Stories are in my blood. Even as a young child, I was longing to read them, longing to create them. Books, pictures, music....I searched for tales worth hearing and tales worth telling. Early on, I knew my dream was to be an author. 

But how do you go about accomplishing that dream? How do you do it right? 

At first, I assumed I would go the route of traditional was really the only one I knew. And there is a thrill at the thought that some big publishing house would accept your book--yours--and proclaim it to the world. And for authors who achieve this goal, I can't imagine how exciting it must be. 

But as I learned more, I started to realize it wouldn't be a good fit for me. To start with, I'm a bit of a control freak. I remember the outrage I felt the first time I discovered that most traditional authors don't get a say in the cover or even sometimes the title. Now, granted most of the cover designers working for these houses have a lot more skill, experience, and access to create an amazing cover than any of us do. But beyond interior control, I knew I wanted complete artistic freedom to tell the stories in any way I wished to. Write as many books as I wanted....write the side series and novellas to accompany them....maybe even create a webcomic! And I knew I wanted it to be my call to say "Yes." 

But as lovely as this freedom can be.... "With great power, comes great responsibility." Being

your own boss requires you to be hard on yourself. And just because you're self publishing doesn't mean you do it alone. Recognize your own weakness.

For one, every book needs a good editor. Even after you've passed your book through the content critique of beta readers, even after you've combed through your draft with your best editing still need an editor. And that can get mighty expensive. I chose Rachelle Rea Cobb based off her reasonable rates and author recommendations.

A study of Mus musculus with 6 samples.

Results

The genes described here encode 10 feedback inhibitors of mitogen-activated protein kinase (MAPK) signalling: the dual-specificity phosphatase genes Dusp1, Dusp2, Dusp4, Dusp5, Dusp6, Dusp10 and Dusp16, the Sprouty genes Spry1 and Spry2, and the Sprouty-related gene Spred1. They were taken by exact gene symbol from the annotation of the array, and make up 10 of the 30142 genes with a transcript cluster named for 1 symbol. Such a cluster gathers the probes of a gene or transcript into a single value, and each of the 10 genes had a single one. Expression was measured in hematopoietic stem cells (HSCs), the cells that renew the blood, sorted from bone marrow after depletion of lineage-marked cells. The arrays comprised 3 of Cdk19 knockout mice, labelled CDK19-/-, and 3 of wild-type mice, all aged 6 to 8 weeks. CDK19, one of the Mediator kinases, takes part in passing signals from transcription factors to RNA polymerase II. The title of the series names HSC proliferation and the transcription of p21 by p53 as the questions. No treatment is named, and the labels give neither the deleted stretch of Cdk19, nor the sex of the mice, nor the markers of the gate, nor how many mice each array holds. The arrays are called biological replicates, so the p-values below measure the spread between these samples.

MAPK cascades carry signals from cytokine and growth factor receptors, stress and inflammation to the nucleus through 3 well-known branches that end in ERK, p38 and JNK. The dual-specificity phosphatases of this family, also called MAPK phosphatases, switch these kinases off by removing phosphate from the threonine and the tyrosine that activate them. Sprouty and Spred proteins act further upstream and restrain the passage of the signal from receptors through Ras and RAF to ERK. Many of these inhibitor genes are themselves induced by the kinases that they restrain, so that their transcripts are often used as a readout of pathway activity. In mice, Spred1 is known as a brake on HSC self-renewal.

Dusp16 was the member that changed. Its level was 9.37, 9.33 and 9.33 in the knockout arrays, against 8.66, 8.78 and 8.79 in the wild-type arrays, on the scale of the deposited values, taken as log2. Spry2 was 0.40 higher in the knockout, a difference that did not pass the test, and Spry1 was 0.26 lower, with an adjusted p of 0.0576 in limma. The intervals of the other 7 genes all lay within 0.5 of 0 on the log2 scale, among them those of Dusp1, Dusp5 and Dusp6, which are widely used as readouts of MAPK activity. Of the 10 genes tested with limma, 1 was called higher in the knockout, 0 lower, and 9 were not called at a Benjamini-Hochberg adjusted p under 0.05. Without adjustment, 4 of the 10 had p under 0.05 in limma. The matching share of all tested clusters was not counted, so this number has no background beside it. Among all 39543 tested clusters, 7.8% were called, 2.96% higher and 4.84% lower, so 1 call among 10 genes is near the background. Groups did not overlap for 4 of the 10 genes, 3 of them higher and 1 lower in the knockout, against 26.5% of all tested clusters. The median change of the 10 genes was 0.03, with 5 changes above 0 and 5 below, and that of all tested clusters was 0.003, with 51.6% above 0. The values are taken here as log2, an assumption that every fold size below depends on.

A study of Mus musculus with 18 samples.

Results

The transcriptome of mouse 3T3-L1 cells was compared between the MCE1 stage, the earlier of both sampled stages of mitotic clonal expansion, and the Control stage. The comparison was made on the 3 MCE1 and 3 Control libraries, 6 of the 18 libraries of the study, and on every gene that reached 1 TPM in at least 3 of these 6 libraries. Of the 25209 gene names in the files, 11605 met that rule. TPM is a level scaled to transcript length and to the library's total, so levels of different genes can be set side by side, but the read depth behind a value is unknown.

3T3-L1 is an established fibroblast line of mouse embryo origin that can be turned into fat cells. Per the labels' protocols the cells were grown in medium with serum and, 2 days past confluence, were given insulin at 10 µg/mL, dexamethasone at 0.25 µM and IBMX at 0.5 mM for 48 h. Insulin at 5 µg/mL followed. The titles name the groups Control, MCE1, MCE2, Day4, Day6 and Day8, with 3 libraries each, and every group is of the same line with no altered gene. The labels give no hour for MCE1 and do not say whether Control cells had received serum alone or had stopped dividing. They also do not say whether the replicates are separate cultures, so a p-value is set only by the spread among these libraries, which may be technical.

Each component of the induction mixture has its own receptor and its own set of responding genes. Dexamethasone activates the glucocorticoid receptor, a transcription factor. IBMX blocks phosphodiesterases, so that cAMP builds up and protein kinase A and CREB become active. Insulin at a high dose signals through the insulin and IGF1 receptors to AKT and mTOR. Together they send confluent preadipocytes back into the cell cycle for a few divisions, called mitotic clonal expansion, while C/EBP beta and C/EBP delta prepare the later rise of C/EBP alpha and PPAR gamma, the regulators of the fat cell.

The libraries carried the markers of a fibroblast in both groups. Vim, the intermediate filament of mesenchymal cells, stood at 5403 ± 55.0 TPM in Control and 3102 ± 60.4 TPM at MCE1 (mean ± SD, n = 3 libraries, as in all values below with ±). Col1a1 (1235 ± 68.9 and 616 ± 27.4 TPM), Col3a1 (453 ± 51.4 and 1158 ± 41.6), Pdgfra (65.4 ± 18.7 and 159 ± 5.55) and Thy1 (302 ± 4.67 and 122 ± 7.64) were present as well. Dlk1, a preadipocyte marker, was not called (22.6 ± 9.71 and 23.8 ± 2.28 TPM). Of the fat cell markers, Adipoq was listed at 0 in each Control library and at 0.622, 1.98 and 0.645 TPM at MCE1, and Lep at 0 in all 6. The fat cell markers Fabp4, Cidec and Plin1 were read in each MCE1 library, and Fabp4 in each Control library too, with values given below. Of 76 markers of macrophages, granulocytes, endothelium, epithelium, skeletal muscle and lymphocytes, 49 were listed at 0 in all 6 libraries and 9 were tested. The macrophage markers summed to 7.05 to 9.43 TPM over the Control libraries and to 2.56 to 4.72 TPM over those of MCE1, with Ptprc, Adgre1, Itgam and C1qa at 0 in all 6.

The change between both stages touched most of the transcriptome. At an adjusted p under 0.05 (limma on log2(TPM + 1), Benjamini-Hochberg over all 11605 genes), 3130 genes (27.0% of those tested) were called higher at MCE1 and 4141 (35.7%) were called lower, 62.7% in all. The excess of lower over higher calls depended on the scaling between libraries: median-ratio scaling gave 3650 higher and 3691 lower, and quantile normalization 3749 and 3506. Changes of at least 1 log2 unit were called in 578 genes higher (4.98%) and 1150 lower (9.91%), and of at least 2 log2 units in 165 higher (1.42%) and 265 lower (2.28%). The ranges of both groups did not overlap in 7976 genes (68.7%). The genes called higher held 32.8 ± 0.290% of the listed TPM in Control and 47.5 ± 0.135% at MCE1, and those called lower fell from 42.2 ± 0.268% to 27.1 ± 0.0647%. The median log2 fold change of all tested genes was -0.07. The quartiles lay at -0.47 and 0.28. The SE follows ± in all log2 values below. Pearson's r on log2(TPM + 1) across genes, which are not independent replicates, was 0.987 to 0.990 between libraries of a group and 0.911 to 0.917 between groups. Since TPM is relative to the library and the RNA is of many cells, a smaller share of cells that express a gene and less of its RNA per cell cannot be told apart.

Hiring a book cover artist is probably a good move unless you're good at cover design yourself. But not even artists are good at EVERYTHING. I am terrible at maps, for example. When I need a fantasy map, I'll need to find a good map artist. And I wasn't comfortable at my level to try a "People-based" art cover. I'll be honest, people-based covers are my favorite kind, but done cheaply or quickly, they usually turn out as the worst looking covers.

Consider hiring an illustrator as well. There are so many artists out there in the world of many different rates, so finding one to work with is possible. I adored PhantomRin's work and thought the style suited FAIREST SON. 

So when people think "self-publishing," I venture to suggest they think it's the easy way. It's not; not if you're trying to do it right. It takes a lot of research, a lot of trial and error, a lot of expense. But for me, and for other authors who want to explore their own way, it's worth it.

There's a lot still left for me to learn. I am very glad I chose a standalone novella to start with. There are some things I wish I could have known about earlier, but hey, it is now learned for the next time. ;)

I'll be writing more posts in the future about some of the things I've learned on my self-publishing journey! See you there!


It does take a lot of work. I'm always impressed when someone does self publish.